Our eyes see very little and very badly – so people dreamed up the microscope to let them see invisible phenomena; they invented the telescope…now they have perfected the cinecamera to penetrate more deeply into he visible world, to explore and record visual phenomena so that what is happening now, which will have to be taken account of in the future, is not forgotten.
—Provisional Instructions to Kino-Eye Groups, Dziga Vertov, 1926
Working mainly during the 1920s, Vertov promoted the concept of kino-pravda, or film-truth, through his newsreel series. His driving vision was to capture fragments of actuality which, when organized together, showed a deeper truth which could not be seen with the naked eye.
—Wikipedia Entry on ‘Kino Pravda’
In this series, which will run sporadically and when the material presents itself, I will cover documentaries which eschew the traditional forms of documentary style in favour of a more abstract (but not necessarily poetic) presentation of its subject matter, which seems to speak on a greater level than the sum of its parts.
Documentaries are not always the easiest things to watch. They look at the world in a different way, often a more reflective way and as is the case with RaMell Ross’s documentary feature, Hale County This Morning, This Evening, documentaries can create experiential rides which aren’t bound by the laws of common film practice. There is no conventional narrative or conventional narration, it’s a documentary which is not bound by the constraints of stories or the usual guided tour structure documentaries often follow. Hale County decides instead to connect the world of Hale County, Alabama to anyone who watches, through the space, the time and the inhabitants of it.
Ross’s camera orbits around certain people more than others; we follow Daniel Collins who is at Selma University on a scholarship for basketball, and his mother Mary Collins who has spent a large part of her life at the catfish plant which is the area’s largest employer. We spend time with Latrenda ‘Boosie’ Ash, and Quincy Bryant, a couple who endure life’s volatile rhythms while trying to raise their children. We meet Tomeko Elliott, Bert Williams & Nathaniel Davis, basketball players who’s moments in front of the camera resonate long after their image dissapates off screen. And there is the voluminous other faces and people of Hale County, figures which orbit in the backgrounds of images, in the soundscapes which ride along, who are just as important and rich in life to the camera’s eyes and ears as anyone else in the film.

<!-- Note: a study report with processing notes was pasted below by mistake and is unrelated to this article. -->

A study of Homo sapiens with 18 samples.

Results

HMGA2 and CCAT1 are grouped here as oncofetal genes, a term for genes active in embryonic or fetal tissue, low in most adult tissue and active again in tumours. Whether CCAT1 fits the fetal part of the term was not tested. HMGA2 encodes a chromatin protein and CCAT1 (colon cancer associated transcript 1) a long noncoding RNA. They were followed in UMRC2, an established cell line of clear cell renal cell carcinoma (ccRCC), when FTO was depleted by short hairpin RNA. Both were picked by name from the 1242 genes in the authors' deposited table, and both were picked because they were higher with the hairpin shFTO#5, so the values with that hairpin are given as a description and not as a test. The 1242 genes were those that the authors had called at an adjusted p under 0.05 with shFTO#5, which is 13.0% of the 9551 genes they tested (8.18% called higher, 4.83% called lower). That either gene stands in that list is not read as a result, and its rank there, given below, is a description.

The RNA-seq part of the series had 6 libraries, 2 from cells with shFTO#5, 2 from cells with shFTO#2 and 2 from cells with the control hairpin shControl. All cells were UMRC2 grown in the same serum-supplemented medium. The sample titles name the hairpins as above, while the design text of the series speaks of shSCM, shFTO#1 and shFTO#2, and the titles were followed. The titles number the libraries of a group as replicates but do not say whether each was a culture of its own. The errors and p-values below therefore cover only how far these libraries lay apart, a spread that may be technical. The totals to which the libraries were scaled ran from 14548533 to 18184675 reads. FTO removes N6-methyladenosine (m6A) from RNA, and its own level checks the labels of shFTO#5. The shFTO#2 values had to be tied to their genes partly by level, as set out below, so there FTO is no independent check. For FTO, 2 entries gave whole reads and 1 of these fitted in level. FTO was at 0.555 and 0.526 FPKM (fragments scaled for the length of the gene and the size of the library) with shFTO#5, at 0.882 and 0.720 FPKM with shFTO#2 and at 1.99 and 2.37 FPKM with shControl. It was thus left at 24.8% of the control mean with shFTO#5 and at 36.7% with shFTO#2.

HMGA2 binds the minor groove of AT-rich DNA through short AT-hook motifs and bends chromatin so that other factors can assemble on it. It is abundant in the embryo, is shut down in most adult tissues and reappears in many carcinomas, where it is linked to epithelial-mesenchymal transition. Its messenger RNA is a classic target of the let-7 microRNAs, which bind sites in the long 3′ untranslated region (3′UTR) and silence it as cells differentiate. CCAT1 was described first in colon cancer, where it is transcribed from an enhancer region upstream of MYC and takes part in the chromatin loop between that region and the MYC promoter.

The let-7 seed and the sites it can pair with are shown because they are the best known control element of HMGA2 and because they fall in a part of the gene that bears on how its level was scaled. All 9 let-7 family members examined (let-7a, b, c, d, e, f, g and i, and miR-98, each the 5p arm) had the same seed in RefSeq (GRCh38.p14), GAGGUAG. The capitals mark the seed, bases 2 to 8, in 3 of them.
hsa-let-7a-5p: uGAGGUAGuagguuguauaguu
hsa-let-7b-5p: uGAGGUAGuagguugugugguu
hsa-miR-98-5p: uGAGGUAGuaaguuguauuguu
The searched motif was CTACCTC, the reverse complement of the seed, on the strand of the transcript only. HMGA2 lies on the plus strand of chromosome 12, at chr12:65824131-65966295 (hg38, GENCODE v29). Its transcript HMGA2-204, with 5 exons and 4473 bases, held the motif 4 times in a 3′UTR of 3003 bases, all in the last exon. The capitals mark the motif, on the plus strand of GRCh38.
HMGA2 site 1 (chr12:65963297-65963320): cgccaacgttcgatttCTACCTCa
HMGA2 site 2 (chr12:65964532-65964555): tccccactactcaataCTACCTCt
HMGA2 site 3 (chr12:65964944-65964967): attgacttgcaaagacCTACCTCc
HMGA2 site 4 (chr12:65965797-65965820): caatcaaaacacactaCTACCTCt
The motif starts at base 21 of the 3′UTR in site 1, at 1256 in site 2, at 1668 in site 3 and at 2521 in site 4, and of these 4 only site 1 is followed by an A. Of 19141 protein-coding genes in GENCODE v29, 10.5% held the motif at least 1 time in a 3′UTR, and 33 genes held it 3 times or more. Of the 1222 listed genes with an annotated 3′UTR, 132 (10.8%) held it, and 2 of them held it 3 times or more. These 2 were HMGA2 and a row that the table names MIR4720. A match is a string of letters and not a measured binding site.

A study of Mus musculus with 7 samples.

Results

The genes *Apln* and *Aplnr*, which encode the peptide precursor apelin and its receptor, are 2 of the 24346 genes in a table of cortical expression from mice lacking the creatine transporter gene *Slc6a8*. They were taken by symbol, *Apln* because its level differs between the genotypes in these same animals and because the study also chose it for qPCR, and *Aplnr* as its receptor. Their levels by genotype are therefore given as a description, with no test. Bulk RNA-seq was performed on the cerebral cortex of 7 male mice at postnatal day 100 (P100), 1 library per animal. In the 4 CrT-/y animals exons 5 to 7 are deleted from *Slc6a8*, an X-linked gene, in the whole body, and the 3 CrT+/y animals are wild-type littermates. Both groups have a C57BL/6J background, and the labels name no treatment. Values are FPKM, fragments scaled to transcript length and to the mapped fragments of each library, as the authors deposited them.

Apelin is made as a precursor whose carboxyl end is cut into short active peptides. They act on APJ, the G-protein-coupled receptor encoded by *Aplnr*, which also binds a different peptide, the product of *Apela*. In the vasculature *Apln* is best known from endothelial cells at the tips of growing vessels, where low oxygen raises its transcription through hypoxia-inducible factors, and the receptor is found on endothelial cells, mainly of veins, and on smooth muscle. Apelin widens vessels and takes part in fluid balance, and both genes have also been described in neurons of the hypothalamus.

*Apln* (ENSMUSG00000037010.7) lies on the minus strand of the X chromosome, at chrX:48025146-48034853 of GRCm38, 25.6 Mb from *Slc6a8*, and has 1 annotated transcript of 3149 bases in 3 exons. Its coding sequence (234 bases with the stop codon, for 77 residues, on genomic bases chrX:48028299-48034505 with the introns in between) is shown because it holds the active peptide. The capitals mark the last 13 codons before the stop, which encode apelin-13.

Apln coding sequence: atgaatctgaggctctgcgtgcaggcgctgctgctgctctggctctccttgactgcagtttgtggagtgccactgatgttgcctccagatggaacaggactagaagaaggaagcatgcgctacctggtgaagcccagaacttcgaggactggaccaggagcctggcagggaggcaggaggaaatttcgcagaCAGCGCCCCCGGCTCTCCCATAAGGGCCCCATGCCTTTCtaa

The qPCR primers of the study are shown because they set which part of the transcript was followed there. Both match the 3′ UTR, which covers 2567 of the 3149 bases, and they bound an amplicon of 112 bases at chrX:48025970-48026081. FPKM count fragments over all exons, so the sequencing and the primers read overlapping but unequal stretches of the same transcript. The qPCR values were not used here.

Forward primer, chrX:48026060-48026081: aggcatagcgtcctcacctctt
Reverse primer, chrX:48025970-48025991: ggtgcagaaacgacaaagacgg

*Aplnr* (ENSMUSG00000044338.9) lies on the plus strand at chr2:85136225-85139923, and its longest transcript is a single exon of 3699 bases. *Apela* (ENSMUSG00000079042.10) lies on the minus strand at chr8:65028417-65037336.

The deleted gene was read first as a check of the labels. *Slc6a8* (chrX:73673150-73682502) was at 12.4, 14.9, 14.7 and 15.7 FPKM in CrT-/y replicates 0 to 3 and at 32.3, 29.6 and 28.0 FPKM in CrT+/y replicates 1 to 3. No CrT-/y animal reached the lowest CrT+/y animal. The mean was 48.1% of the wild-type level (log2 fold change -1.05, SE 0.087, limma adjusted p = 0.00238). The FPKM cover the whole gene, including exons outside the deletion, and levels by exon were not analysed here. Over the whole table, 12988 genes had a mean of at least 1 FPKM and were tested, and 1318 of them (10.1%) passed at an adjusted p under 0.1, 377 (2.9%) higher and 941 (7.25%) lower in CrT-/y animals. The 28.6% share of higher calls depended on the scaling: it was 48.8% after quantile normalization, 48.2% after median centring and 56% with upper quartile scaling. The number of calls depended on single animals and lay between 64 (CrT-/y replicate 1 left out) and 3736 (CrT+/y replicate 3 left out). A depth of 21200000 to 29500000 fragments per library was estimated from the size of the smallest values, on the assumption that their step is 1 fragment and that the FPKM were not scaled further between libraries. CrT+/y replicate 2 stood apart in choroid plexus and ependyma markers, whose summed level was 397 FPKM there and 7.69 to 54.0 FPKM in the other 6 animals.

And when the film is not accompanying the figures of Hale County’s space and time, it focuses on the place itself. Time-lapse photography of road bends, of basketball nets against the overwhelming night sky, of the animals, buildings,landscapes and the delicate, complicated images of life which have been given existence, and bottled by RaMell Ross to be witnessed. Life is presented how it often occurs, without commentary. As the smoke from a tire fire rises through the sunlight and treetops, the silence of the sequence provokes you to think, to see a reflection of life thrown back at you and to inspire (no doubt) multiple interpretations, multiple avenues of thought. The film’s imagery provokes thought, but it does not tell you what to think about. RaMell’s faith in the pure cinematic effect is breathtaking at times, as life’s various moments do more to inspire reflection and understanding than many many pieces of art I’ve seen.
But it is not just an ambigious force, unknown and left to the audience to mould it into whatever they want to see. RaMell weaves images together, physically impossible images which evoke a spirtiual understanding. At one point, Kyrie Bryant, a young child is having a bath and ends up holding the moon in her hands. I’m not clever enough to see what RaMell Ross was probably trying to evoke with it, but the experience and composition of frames such as these reach for a connection with the world, and with nature that goes beyond our normal understanding. Or as the smoke continues to rise from the tire fire, we are audio witnesses to a conversation RaMell has off camera with another man, explicitly discussing his intentions to grow a greater understanding of the black image through the use of photos and cinema. Hale County has an orbit (to use the film’s terminology) but it is a multifaceted one, concerned with a human experience as much as a black experience, and plenty more beyond that.
More and more as I get older, I realise that what you choose to put in front of the camera is where filmmakers stand. And it is important to be reminded that life is worth capturing, worth understanding, and worth showing to the world. A lot of Hale County’s worth stems from the sheer sincerity, respect and genuine love Ross possesses for the life of this world. That place of understanding drives what RaMell chooses to capture, and how it is captured. Life’s turmoil and life’s hope are presented in a way which reflects reality in a much closer way, without fictional order and dramatic hysterics. And in moving past that facade, he allows us to see Hale County and its residents, its space, its time in a way which resonates much closer to all of our lives. And that is worth championing. Because our nights and days are not infinite, but our experiences of the world are, and our connections to them only continue to grow.